Can success and style co-exist in academia? Dr Steph Smith of thephdivalife.com makes a case for why the answer is YES.
One of my biggest pet peeves as a professor (aside from grade-grubbing emails and senseless excuses) is when I hear other female peers explain that they purposefully alter their appearance to make themselves look “older” or “frumpy.”
They usually go on to explain they do this so that their students have more respect for them.
Every time I hear statements like this, my heart sinks and I feel insecure as I stand in front of them in my self-described cute outfit.
As a relatively young professor (I’m 32 and pre-tenure), I understand the constant battle of trying to have a professional appearance in the classroom and be taken seriously by my students as well as my peers and elders.
Instead of falling into this trap, I force myself to stay out of it.
I have already earned my place at the head of classroom and as an educator.
My students are there to learn from me and fulfill their requirements to graduate and unless I wear something totally outrageous, they’re too busy staring at their screens to even notice my outfit.
But they do notice my energy, and for me, my fashion is strongly correlated to my feelings.
When I put time into my appearance, I don’t want to waste it.
I carefully select what I’m going to wear each day based partially on comfort and practicality, and the amount of confidence it will give me.
Wearing a new dress that is flattering to my body’s shape, that I bought with the money I earn, makes me happy.
This translates into my day and especially into my teaching.
When I think I look good, I feel good. Sometimes this is as simple as pairing a skinny leopard belt with one of my neutral, basic dresses and other times it’s figuring out a professional way to work in a new statement necklace to my look.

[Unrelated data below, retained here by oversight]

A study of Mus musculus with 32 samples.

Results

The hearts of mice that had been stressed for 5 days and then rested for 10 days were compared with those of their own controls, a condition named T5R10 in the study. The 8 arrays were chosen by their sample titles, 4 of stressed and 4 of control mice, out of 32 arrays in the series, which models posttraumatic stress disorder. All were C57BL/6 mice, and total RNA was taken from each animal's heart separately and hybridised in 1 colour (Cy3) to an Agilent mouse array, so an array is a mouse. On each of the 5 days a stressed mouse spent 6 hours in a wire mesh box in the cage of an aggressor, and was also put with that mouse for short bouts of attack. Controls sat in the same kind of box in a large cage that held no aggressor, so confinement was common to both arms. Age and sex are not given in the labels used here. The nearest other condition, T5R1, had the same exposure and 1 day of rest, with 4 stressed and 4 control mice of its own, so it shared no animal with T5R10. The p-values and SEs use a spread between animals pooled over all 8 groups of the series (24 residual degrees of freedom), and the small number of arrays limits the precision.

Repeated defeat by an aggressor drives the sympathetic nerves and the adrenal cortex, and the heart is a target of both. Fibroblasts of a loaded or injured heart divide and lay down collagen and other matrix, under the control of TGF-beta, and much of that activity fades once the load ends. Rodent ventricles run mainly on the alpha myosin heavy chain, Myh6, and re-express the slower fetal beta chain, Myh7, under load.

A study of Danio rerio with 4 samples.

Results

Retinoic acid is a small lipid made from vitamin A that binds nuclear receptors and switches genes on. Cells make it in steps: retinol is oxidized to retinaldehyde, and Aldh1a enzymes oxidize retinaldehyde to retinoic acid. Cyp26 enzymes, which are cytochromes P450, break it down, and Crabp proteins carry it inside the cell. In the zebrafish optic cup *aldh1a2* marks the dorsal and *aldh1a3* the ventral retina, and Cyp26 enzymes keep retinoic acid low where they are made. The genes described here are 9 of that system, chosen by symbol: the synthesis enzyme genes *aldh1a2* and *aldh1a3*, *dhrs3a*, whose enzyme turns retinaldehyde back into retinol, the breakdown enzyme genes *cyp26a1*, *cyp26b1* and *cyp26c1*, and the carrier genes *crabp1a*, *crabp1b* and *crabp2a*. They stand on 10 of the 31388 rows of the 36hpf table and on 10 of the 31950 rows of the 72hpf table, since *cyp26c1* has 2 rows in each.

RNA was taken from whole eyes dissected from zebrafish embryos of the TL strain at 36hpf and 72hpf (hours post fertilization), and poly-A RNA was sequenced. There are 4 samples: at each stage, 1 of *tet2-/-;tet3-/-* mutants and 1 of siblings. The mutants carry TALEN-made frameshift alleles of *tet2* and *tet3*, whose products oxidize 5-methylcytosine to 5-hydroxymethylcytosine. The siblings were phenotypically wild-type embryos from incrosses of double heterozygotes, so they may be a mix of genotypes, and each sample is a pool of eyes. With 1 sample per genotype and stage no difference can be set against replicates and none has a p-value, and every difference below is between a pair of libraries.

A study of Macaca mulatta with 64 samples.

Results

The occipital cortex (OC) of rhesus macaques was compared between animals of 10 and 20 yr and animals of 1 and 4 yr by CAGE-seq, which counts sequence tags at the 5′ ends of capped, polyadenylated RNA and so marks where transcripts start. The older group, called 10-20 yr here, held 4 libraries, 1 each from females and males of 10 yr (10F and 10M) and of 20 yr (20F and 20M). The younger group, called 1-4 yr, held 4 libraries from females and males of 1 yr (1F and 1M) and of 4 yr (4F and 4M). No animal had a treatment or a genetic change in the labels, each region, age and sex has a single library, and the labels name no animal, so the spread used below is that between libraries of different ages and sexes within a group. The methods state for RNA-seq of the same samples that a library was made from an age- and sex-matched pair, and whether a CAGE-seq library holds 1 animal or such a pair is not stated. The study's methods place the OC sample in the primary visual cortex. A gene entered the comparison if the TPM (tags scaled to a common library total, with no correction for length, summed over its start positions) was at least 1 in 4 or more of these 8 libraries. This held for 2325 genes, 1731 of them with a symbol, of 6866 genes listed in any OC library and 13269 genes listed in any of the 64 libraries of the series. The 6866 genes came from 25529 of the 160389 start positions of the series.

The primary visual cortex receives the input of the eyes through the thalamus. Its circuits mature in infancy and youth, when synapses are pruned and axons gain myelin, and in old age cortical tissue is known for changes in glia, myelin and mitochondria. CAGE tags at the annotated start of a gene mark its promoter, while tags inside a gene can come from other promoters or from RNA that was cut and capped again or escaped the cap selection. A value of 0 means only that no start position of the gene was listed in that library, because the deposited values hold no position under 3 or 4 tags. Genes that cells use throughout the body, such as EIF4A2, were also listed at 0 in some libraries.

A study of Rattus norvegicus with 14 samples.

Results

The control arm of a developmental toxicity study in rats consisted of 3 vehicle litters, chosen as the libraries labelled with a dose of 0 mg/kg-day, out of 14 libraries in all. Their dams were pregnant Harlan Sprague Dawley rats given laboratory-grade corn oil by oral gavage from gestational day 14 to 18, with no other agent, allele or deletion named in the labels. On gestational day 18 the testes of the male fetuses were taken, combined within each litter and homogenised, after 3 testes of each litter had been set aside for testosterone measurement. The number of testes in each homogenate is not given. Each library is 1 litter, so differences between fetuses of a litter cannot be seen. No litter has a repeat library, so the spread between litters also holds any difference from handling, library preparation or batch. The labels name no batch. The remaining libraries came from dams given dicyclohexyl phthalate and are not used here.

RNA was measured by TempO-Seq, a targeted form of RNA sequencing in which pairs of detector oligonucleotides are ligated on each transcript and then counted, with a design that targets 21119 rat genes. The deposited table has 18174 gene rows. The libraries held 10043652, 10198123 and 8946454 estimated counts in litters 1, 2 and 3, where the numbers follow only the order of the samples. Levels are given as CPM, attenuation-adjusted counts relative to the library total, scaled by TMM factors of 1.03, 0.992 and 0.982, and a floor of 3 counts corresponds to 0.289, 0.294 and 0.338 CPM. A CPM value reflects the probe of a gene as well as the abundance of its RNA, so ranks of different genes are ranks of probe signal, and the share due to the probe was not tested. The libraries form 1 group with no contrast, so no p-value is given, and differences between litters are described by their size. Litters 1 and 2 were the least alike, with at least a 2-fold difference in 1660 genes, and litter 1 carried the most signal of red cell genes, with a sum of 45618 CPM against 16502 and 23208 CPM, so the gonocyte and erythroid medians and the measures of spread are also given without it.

In fact, I have found that my attention to my appearance has strengthened the relationships I form with my students. Not only am I an educator, I strive to be a role model.
Entering the workforce is overwhelming enough for college students and I don’t think they should observe that they have to stifle their personal style to get ahead. Just as we cultivate their skills to help them stand apart in a crowd, we need to do the same thing for ourselves.
Academics spend years working toward their degrees and sometimes just as long trying to land their perfect job.
During that time, we become experts in our subject areas, and that expertise remains with us regardless of what we are wearing.
It is through communication, including nonverbal communication like fashion, that we form relationships.
If people are not taking us seriously or are (wrongfully) assuming that we are too young or too fashionable and therefore can’t possibly be a subject matter expert too, they are mistaken.
Why should people who make snap judgments influence our day-to-day appearance?
If we based our grades for students based on their fashion choices alone, we would not only lose our jobs, but we’d likely have a class full of below average grades since oversized t-shirts and sweatpants do not typically convey A-level intelligence.
It is for these reasons that I believe and demonstrate through fashion that success and style can coexist, even in academia.
Stephanie is an Assistant Professor of Public Relations at Virginia Tech.